September 27, 2010
At the XVIII International AIDS Conference (AIDS 2010), a noteworthy oral poster discussion entitled "Shining Light on Vitamin D Deficiency" showcased six studies that tried to identify risk factors that made HIV-positive people more susceptible to vitamin D deficiency.
Vitamin D deficiency has been a hot-button issue within the HIV community recently. The main value of vitamin D in our bodies is to allow for enough calcium and phosphate absorption from food. Without enough vitamin D, those nutrients are instead drawn from our bones, which leads to lower bone density. Low vitamin D levels have also been linked to a higher risk of cardiovascular disease, diabetes and other complications.
The first of the six AIDS 2010 vitamin D studies was an analysis of 1,760 participants (1,254 of whom were HIV positive) from WIHS (Women's Interagency HIV Study) in the United States.1 Vitamin D deficiency was found in 88 percent of the women, but was not associated with HIV status. Women who were African American had higher rates of vitamin D deficiency overall. And among HIV-positive women, the use of Sustiva (efavirenz, Stocrin) was associated with vitamin D deficiency.
The second study, looking at 465 HIV-positive people at Los Angeles clinics, found low vitamin D levels in two thirds of the group.2 Though the researchers suggested that people with HIV should receive vitamin D measurements and take supplements, they didn't identify any particular risk factors for vitamin D deficiency and noted that more research needs to be done.
The third study looked into risk factors for vitamin D deficiency in a diverse group of 200 HIV-positive individuals at a private practice in Houston, Texas.3 The researchers found deficiency in 64 percent of these individuals, with risk factors being African-American race, higher body mass index, smoking cigarettes and low daily vitamin D intake.
The fourth study was a review of the medical records of 342 HIV-positive people at St. Luke's-Roosevelt Hospital Center in New York.4 Vitamin D deficiency was found in 59.9 percent of the group and was associated with being African American and having decreased sun exposure during winter months.
The fifth study was an analysis of data collected from 312 HIV-positive individuals at Chelsea and Westminster Hospital in the United Kingdom.5 Given the high prevalence of vitamin D deficiency in people with HIV, the researchers set out to see if antiretroviral therapy played a role. However, they found no significant association between low vitamin D levels and any antiretroviral class or specific agent. They did, however, find that low vitamin D levels were correlated with non-Caucasian ethnicity and female sex.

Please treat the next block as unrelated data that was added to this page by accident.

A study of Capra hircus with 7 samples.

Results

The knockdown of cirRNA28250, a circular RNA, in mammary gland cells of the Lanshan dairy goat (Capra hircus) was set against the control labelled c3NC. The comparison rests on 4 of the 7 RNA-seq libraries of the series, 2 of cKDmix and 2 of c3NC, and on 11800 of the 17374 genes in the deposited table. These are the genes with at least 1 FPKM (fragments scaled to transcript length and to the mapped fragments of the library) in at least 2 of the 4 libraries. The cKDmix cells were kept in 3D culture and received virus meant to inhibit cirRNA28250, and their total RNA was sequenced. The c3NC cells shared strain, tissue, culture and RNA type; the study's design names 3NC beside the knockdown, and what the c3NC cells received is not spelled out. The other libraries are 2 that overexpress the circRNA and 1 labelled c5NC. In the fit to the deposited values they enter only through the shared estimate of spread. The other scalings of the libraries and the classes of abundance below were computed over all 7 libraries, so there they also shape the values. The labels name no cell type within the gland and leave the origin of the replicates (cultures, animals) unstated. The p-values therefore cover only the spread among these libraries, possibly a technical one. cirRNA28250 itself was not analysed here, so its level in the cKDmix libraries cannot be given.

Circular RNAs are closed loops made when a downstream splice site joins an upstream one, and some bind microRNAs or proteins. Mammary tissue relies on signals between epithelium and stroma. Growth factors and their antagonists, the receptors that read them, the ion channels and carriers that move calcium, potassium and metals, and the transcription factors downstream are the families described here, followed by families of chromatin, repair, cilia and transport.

The last study looked at 281 people on HAART (highly active antiretroviral therapy) in Milan, Italy.6 Again, vitamin D deficiency was extremely common, showing up in 80.1 percent of the group. Risk factors associated with vitamin D deficiency were being overweight and being in a season with less sun exposure. Because Viread (tenofovir) has been associated with a greater risk for bone problems in people with HIV, the researchers attempted to determine whether Viread could be at all tied to low vitamin D levels. However, this study found no sign of such a relationship: Among the 164 individuals taking Viread, 77.4 percent had low vitamin D levels, about the same rate as the study group on the whole.
We know that vitamin D deficiency is highly prevalent among the general population. What we're less sure of is what role HIV or HIV medications play in increasing that risk among people with HIV -- and whether an HIV-positive person with low vitamin D levels is actually more likely to break a bone as a result.
The six studies presented at AIDS 2010 tended to agree on some general risk factors: Being overweight, female and African American were all associated with vitamin D deficiency. And since our bodies absorb sunlight and convert it into vitamin D, it makes sense that less sun exposure during colder months (or months in which the sun is out less) would lead to lower vitamin D levels.
But is having HIV itself also a risk factor? We simply aren't sure yet. In each of these studies, there were low vitamin D levels in the majority of HIV-positive people, but two of the studies suggested that having HIV was not a risk factor. Complicating efforts to pin down whether HIV is a factor is the fact that vitamin D deficiency is so common in the entire population. It may take a much larger study than any of the six highlighted above to specifically answer the question of whether HIV status itself causes vitamin D levels to drop.
Is taking HIV medication a risk factor? Again, we don't know yet. WIHS appeared to find an association between vitamin D deficiency and Sustiva (a conclusion that was also reached by the SUN study presented at CROI earlier this year7), while the Chelsea and Westminster Hospital study found no association with any particular HIV drug or drug class. (It also didn't find a link between low vitamin D levels and low bone mineral density, which conflicts with some previous study results -- and suggests that while vitamin D may be an important nutrient, vitamin D deficiency could have less to do with bone problems than some may think.)
The obvious conclusion we can draw from all this is that we need more research on vitamin D deficiency among people with HIV. We don't know the reasons why yet, but no matter what the risk factors are, it seems clear that vitamin D levels are low across the board. Therefore, it's something that people living with HIV should be concerned about and should discuss with their doctors.
Warren Tong is the research editor for TheBody.com and TheBodyPRO.com.